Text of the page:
Gerberding owns The Body Shop in Grand Island, Neb., and he began restoring the Champion Starlight Coupe in 1995 for his wife. They had owned the coupe for a few years after spotting it in a junkyard. Gerberding’s wife Liz had an older brother Neil, and Neil had driven her around in his own ‘53 Studebaker back in the day. Liz dreamed of the day when she and Neil could hit the roads in her Champion Starlight.
Unfortunately, like so many bodymen, Gerberding’s personal project frequently took a back seat to whatever vehicle he was working on for a customer. “You know how it is: You work on everybody else’s car all week long and your own car comes last,” he says. But Gerberding never forgot that his wife was waiting for a car like the one her brother had once owned.

Despite the pressures of paying work, Gerberding worked on the Starlight every week, for a few hours here or a whole day there, sometimes alone, sometimes with other employees of the shop, and often with his son Dean and his grandson Anthony, until February of this year. That’s when Dean finally applied a coat of Cyber Green Pearl paint to every curve of the body, and Liz Gerberding got to cruise again in the car of her youth. Neil had unfortunately died before Gerberding finished the job, but his nickname “Flip” is on the Studebaker’s dashboard so that he’s always with his sister.

From the Ground Up

The Gerberdings didn’t exactly buy the Studebaker originally. Liz explains that they didn’t so much pay for it as they got clear title on it for digging it out of a junk pile. The frame was there, but not much else, and many summers and winters had taken their toll on what remained of the panels. So Gerberding had to rebuild the car practically from the ground up. “I started with basically junk: no interior, no floors,” he says. Still, even in Liz’s picture captioned “Ugly Beginning,” you can see the clean lines and the hint of power in the coupe.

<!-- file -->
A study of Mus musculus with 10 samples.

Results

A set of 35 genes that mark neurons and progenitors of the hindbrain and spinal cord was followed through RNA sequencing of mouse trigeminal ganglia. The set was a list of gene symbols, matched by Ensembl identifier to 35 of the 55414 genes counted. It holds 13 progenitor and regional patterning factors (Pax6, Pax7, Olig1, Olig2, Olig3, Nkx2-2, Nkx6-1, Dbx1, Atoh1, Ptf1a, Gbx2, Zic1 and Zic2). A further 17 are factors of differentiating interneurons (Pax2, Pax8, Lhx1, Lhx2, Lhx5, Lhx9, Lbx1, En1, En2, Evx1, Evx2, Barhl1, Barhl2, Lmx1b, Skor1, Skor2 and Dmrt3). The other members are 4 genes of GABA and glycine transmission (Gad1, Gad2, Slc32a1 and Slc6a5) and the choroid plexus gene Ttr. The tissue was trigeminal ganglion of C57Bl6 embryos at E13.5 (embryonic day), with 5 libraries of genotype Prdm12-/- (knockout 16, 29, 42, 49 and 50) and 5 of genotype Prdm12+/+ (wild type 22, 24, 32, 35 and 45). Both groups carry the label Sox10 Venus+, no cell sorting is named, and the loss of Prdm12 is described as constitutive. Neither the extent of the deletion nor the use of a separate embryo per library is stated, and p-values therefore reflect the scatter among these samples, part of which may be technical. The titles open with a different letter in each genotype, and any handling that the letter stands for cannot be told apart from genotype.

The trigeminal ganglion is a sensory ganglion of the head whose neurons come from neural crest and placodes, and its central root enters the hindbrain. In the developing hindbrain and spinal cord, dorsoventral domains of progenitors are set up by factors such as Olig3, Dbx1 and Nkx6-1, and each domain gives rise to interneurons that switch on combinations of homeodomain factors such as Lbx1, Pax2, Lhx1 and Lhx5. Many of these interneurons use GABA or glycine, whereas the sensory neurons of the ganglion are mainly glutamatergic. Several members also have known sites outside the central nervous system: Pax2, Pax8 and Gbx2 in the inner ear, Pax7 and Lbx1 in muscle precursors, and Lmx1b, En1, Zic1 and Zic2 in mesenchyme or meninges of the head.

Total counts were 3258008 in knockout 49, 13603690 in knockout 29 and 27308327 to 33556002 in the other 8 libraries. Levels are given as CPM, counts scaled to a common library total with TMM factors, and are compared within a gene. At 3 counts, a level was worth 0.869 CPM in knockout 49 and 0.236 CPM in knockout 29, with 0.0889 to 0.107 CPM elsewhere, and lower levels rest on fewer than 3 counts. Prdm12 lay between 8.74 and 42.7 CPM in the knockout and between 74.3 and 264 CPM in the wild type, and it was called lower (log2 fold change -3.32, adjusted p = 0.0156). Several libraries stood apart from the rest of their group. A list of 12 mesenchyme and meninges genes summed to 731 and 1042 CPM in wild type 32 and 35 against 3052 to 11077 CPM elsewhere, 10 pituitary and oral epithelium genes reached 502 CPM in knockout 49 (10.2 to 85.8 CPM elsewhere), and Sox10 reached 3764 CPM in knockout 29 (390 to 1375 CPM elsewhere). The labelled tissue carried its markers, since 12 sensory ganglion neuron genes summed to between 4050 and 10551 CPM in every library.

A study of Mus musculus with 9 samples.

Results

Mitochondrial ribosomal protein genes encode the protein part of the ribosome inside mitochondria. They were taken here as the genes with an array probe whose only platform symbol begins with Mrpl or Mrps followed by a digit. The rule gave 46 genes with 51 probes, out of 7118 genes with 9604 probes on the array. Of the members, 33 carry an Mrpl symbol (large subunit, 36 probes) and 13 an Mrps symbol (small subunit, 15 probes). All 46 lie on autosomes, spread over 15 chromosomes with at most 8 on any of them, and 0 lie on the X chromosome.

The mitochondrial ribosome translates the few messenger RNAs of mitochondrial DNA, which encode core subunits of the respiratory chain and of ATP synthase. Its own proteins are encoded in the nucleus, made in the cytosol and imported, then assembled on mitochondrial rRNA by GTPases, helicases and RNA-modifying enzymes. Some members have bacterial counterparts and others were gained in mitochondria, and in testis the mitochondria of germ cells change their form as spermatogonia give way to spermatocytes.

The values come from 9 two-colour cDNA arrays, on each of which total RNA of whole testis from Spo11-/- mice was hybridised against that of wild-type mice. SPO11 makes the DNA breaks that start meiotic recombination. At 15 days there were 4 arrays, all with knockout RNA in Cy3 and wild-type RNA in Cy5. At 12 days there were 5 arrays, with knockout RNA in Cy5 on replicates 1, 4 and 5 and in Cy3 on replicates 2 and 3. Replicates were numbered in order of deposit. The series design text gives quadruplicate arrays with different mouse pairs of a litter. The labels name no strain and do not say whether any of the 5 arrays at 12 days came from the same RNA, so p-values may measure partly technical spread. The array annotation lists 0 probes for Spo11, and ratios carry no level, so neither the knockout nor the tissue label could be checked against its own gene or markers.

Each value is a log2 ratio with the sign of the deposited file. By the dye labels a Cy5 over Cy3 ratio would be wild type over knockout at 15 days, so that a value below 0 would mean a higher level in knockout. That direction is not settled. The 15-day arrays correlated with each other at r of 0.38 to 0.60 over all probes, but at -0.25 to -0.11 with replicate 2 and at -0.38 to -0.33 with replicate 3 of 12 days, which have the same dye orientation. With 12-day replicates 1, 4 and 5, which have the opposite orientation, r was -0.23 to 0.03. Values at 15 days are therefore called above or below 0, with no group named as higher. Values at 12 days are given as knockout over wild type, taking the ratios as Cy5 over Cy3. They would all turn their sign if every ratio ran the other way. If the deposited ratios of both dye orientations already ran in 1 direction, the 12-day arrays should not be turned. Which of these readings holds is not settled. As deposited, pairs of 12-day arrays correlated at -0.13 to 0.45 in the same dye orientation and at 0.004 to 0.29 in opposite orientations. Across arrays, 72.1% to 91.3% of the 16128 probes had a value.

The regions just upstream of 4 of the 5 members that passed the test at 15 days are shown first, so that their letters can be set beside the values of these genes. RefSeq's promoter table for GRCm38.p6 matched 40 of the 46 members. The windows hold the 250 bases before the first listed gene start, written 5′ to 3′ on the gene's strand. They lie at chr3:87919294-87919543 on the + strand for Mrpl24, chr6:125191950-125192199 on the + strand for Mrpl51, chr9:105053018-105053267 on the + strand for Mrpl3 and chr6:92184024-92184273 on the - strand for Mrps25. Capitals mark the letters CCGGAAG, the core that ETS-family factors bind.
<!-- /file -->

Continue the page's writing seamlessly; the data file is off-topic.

Finding parts wasn’t a problem, because Gerberding made most of the parts he needed, including the panels, the floorboards and all the sheet metal work. The rest he found, such as the rear bumper, which came from a ‘55 Studebaker somewhere in Iowa. The headlight rings came from a ‘55 Oldsmobile; the taillights from a ‘56 Chevy.

The body is mostly Studebaker, but the innards have their share of parts from other cars: The engine is a Chevy Quadrajet 350 with automatic overdrive transmission, while the rear axle assembly comes from a Ford. The fuel tank is all Mustang.
Inside, the bucket seats (courtesy of a Corvair) and back bench are covered with off-white leather, with green lap belts and a tilt column and steering wheel painted to match the seats.

Swan Song

Gerberding put about $85,000 into the car, so he figures it’s worth at least that, but Liz probably won’t want to sell the car of her dreams anytime soon. Someday, the couple will take a cruise down the California coast, and Gerberding already knows of one possible buyer for it. “Most likely, someday, someone in LA will own it, but not today,” he says.

Gerberding’s interest lately, rather than restoration, is in car part art. He made a table out of a red and white steering wheel (with a glass top and a hubcap for a base) and lamps out of kerosene cans, and his finest creation is a headlight that he made into a lamp with a 25-watt bulb.

Gerberding readily admits that the Studebaker was probably his last restoration job. He retired in April, putting the finishing touches on some metal finishing, paint and other final jobs for other customers. “I’ve been a bodyman for 51 years,” he explains. “I’m 70, so it’s time to slow down.” With a car like the Studebaker out on the road, why not?